Legislature Passes Fast-Tracked Redistricting Plan

wisconsin_flag_map_326x0Every ten years, the legislature tackles legislative redistricting — redrawing legislative lines to account for changes in the state’s population. The process is often partisan and contentious, and occasionally lands in the courts.

The Assembly voted yesterday along largely party lines — just one Republican joined all the Democrats and lone Independent — to approve newly-drawn districts. The Senate voted in support of the plan on Tuesday. The bill now goes to Governor Scott Walker for his signature.

Many pundits believe that Republicans have fast-tracked the proposal in order to make some competitive districts more solidly Republican. The new maps will not be in place for the current recall elections, but passing them now with a Republican majority in both houses ensures that Democrats cannot alter or delay the plans.

The newly-drawn maps also leave many legislators outside of their current districts. Two Democrats running against Republicans in August recall elections would also reside outside of the district should they win. Nancy Nusbaum of DePere would be just three blocks outside the district she’s resided in for 26 years. In Madison, Democrat Chris Taylor beat several opponents in a crowded primary last week to fill the vacant 48th Assembly District seat (no Republican is running in the August 9 election). If the maps are approved, she’ll either have to give up the seat or move, since she would no longer live in the district.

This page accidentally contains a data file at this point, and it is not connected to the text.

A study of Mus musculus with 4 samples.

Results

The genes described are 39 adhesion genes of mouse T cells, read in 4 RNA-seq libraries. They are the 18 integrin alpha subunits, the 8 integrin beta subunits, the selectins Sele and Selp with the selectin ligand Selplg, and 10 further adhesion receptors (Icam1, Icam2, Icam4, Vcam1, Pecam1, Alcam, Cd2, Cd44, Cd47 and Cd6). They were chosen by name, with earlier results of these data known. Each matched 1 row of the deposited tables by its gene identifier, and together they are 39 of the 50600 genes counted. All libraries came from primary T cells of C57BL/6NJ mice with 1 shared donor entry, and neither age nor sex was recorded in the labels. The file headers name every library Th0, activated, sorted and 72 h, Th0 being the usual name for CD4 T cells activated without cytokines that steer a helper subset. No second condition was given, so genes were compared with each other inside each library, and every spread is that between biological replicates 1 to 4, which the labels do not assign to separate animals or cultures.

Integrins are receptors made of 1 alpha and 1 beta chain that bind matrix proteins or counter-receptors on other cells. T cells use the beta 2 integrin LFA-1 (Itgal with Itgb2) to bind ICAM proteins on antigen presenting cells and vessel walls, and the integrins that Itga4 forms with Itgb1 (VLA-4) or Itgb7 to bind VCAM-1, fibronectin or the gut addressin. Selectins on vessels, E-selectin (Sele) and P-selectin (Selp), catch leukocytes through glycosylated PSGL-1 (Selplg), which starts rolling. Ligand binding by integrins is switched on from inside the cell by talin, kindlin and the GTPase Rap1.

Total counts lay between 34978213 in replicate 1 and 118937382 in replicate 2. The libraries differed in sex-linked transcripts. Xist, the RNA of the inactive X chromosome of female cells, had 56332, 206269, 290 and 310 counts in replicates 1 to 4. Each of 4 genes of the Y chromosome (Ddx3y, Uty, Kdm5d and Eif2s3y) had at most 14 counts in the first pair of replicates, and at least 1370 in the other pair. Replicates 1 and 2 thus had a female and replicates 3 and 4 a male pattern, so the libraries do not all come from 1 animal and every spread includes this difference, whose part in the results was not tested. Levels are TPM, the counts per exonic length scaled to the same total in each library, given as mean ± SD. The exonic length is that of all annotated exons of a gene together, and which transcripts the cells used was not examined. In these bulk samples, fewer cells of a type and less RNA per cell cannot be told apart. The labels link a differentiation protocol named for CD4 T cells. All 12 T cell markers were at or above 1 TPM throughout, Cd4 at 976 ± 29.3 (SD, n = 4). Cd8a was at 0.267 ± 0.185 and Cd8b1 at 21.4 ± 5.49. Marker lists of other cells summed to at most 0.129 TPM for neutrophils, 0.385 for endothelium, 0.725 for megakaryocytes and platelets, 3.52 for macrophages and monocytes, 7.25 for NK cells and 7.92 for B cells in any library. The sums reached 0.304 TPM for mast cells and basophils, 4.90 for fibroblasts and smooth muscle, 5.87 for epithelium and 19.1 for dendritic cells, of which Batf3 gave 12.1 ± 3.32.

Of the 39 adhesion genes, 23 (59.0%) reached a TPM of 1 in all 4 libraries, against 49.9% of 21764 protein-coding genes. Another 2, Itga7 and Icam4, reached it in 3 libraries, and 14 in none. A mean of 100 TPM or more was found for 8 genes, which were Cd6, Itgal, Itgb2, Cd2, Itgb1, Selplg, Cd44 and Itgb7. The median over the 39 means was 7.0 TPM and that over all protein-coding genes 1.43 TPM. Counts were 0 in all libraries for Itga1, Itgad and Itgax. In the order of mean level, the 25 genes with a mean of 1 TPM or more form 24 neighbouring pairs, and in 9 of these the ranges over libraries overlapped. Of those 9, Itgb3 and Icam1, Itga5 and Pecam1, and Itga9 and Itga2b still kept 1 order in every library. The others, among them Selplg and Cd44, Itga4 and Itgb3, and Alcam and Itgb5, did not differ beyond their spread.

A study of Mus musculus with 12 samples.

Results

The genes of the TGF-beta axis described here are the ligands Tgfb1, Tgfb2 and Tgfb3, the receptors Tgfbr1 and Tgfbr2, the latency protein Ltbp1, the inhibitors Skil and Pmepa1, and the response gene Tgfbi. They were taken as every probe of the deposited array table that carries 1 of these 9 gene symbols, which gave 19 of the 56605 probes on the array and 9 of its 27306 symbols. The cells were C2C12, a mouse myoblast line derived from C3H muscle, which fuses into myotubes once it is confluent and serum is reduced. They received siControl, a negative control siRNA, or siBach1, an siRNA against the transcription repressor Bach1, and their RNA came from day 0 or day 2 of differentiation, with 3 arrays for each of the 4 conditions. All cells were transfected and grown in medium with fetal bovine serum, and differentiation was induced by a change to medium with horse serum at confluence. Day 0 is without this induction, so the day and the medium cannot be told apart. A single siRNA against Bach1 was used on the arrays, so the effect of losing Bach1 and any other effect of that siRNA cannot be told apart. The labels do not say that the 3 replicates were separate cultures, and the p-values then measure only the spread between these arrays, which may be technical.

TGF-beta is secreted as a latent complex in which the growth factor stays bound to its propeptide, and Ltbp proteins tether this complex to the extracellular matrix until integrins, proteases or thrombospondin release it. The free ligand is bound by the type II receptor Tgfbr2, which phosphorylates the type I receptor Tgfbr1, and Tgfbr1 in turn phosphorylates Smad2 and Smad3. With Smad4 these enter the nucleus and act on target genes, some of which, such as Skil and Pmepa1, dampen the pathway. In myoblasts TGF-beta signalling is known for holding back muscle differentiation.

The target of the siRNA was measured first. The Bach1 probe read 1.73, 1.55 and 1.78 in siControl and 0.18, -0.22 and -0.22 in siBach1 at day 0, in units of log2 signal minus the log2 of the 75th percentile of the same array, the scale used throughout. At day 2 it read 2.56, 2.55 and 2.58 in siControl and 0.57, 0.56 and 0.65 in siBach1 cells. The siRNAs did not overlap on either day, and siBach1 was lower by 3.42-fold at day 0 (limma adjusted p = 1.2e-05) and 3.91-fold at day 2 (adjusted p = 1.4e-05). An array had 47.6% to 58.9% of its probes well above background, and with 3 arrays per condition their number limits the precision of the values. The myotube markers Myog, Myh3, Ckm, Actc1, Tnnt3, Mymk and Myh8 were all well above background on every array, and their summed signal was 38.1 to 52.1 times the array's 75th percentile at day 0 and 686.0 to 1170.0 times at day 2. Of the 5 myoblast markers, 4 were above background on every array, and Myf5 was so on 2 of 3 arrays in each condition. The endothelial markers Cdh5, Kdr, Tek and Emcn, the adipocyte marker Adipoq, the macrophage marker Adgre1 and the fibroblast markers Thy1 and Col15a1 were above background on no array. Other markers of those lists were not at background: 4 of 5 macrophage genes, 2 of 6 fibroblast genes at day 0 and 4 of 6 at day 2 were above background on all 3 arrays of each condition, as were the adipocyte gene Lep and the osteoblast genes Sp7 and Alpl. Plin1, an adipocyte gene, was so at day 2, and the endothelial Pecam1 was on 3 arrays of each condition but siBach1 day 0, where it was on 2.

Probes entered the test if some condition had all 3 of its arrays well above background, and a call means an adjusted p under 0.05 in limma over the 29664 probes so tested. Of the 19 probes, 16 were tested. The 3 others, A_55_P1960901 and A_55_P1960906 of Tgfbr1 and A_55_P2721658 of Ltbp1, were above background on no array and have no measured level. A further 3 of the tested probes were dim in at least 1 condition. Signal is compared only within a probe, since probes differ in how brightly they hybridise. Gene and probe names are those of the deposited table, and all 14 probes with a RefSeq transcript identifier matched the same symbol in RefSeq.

Current law states that the Legislature may not redraw legislative maps until local governments have had a chance to redraw county and municipal districts. Many municipalities have not yet completed their work, but the Assembly passed a bill yesterday that would allow them to create new maps before local governments finish theirs. This proposal will also go to Governor Walker for his approval.

Anticipating gerrymandering, fifteen Wisconsin citizens filed a federal lawsuit last month in opposition to the yet to be made public plan. Republicans have already authorized the spending of  $350,000 of taxpayer money for legal advice as the maps were drawn.